LOUISVILLE, Ky. (WDRB) – In 2012, Kentucky state government paid $8.3 million to acquire a Prospect estate whose location and debatable significance led transportation officials to spare it as part of the Ohio River Bridges Project.

The purchase price was $1.5 million more than the state’s own appraisal – and $5 million more than the property’s owners had paid in 2000. But rather than let the house sit empty, the Kentucky Transportation Cabinet agreed to let the former owners rent it for $2,700 a month.

But the tenants of the Drumanard estate, the Soterion Corp., failed to make any rent payments since last October and owe the state $13,500, according to documents obtained under the Kentucky Open Records Act.

“They were in arrears on rent, and it wasn’t the first time,” said Chuck Wolfe, a Transportation Cabinet spokesman.

Wolfe said the state ordered Soterion to vacate the property, but he wasn’t sure as of last week whether the move was complete. Federal law does allow moving expenses for relocations related to federal projects, Wolfe said, but he wasn’t aware of how much assistance, if any, was provided.

In addition, he said, the amount owed has climbed to $14,850 since WDRB’s open records request was returned earlier this month.

A Louisville telephone number for Soterion was disconnected last Friday. A message for N. Taylor Jones, a Soterion vice president who signed the rental agreement, left through attorney Bissell Roberts, who represented the company in its deal with the state, wasn’t returned.

Louisville Gas & Electric and Louisville Water Co. officials declined to provide information about whether the property’s utility and water payments were current.

The Drumanard property, located along the Kentucky approach to a bridge between Prospect and Utica, Ind., is one of the most controversial aspects of the bridges project.

Purchased in 2000 and listed on the National Register of Historic Places, Drumanard’s protected status led the federal government to approve a tunnel underneath the estate grounds in 2003. That move was an effort to comply with federal transportation law that requires that “feasible and prudent” alternatives be used to avoid historic properties, if possible.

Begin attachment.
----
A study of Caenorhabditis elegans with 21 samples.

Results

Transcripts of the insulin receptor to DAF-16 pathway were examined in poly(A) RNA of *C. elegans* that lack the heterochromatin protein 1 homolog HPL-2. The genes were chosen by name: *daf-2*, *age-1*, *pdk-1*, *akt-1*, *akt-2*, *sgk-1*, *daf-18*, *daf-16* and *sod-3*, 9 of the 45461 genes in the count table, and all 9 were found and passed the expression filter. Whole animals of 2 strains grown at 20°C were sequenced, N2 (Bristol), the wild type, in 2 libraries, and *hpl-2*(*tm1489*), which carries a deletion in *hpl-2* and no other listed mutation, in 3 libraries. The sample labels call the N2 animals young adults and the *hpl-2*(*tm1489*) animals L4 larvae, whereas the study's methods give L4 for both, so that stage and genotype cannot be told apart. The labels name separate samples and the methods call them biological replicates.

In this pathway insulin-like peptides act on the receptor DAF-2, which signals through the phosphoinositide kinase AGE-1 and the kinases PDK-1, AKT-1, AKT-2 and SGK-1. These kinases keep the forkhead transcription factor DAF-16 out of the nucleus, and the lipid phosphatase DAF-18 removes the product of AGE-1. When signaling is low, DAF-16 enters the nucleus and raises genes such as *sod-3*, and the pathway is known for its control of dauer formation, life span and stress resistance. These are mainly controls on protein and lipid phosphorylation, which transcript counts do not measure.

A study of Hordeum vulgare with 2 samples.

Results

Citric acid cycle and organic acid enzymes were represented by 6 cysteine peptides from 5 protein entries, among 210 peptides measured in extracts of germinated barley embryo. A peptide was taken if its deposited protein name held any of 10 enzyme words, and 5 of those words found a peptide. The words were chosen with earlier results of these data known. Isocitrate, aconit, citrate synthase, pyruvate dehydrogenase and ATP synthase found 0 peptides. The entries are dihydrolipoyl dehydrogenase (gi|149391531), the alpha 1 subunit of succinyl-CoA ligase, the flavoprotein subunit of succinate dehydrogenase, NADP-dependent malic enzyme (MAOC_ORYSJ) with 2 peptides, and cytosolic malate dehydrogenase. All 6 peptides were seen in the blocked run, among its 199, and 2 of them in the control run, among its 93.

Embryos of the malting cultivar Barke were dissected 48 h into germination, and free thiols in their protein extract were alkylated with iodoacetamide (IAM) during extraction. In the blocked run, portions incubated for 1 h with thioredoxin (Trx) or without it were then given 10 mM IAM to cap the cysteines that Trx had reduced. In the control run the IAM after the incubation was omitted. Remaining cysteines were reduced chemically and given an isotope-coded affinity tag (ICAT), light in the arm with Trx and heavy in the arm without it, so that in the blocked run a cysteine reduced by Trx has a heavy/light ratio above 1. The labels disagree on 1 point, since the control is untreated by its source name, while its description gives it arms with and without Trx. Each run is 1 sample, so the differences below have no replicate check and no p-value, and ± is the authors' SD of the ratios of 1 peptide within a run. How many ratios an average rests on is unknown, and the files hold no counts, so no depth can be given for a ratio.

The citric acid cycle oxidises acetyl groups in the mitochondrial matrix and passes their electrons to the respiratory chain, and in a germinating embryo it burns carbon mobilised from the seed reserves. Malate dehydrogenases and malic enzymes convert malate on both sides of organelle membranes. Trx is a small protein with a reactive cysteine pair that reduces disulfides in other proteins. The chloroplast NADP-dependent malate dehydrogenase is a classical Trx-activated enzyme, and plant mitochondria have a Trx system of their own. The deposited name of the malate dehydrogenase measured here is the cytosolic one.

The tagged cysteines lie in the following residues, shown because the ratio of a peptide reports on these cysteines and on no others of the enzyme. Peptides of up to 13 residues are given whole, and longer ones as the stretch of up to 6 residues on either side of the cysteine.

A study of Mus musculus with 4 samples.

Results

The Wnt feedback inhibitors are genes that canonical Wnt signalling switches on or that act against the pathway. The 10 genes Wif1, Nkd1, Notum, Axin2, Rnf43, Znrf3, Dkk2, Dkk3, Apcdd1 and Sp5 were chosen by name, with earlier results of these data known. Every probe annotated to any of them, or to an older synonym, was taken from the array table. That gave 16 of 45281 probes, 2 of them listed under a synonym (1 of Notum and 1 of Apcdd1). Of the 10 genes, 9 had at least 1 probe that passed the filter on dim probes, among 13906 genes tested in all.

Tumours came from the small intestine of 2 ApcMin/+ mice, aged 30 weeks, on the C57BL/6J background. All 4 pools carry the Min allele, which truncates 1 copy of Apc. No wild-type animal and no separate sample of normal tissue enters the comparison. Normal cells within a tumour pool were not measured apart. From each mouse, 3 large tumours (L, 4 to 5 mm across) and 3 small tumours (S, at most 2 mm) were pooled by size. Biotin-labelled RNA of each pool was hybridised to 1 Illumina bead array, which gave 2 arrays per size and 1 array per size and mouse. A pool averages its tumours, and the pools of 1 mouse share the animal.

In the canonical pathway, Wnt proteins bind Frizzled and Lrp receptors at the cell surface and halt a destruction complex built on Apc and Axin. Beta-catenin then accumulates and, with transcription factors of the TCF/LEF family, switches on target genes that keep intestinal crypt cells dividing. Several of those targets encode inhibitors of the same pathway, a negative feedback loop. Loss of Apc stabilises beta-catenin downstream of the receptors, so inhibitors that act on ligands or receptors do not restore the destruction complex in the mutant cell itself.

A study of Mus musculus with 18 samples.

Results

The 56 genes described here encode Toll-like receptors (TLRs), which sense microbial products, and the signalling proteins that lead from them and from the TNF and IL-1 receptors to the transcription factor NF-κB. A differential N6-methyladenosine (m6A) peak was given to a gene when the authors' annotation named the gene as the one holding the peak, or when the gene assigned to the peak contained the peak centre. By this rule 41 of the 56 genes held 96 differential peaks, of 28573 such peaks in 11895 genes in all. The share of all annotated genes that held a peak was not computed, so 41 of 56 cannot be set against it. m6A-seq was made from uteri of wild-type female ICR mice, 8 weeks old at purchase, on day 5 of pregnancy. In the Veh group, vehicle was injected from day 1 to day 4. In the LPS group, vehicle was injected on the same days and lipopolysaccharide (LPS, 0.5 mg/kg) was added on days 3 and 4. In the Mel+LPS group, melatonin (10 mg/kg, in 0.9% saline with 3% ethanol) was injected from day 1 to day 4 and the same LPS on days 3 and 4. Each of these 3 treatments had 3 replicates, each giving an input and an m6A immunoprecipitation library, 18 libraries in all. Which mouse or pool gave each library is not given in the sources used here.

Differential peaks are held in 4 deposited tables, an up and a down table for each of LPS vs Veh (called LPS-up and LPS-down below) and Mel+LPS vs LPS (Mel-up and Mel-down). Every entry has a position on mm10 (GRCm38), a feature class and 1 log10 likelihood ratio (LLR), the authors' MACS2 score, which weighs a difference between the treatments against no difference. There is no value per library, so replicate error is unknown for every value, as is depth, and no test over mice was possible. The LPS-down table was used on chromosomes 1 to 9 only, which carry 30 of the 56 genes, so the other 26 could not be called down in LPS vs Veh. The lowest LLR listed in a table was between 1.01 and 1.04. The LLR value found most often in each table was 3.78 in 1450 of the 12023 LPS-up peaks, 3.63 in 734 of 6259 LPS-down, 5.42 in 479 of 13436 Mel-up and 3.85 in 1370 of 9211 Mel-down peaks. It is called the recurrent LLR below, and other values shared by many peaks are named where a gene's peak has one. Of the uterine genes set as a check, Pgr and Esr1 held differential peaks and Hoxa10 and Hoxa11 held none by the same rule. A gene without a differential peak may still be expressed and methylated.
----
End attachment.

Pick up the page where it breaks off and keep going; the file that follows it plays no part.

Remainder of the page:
But in the years that followed – and the cost of the project soared – critics seized on the tunnel and the actions that gave the estate historic status as examples of waste and obstruction.

The house was first placed on the National Register in 1983, and Jefferson County preservation officials moved to broaden the protection in 1988 as part of a review of dozens of properties around the county.

At that time, an official with the Jefferson County Office of Historic Preservation and Archives told the house’s owner that being listed on the National Register could weaken the case for taking all of the property. Discussions were then underway about building an eastern bridge, although it’s route wouldn’t be decided for more than a decade.

In 2010 and 2011, there were multiple efforts to remove Drumanard from the National Register. Those pushing for delisting argued that without the historic status, the tunnel could be scrapped and a cheaper bridge approach built overland. At that time, the tunnel was expected to cost $261 million, part of a larger $547 million approach on the Kentucky side. (Construction of the approach is now estimated at $338 million;
a January financial plan update did not break out the specific tunnel cost

State and federal preservation officials rejected the petitions.

The Kentucky Transportation Cabinet ultimately bought the house and its land. The federal approval for the bridges project required the state to buy the property and add a preservation easement if the owners didn’t add an easement on their own. Soterion didn’t.

Wolfe said the state is in the process of adding a preservation easement before looking for a buyer.

The order to vacate occurred around the time last fall that Soterion made its only rental payment -- $18,900. Although it was obliged to pay rent starting in May 2013, according to the rental agreement, the October 2013 payment was the only one submitted.

Asked why the Transportation Cabinet didn’t evict its tenant after nearly six months of failing to pay rent, Wolfe said: “It is to your advantage to have someone occupy the property. That is a fact.”

Wolfe did not rule out suing Soterion as a way to recoup the money Kentucky is owed.

“It would be reasonable to expect the Cabinet to pursue payment if it hasn’t been made,” he said.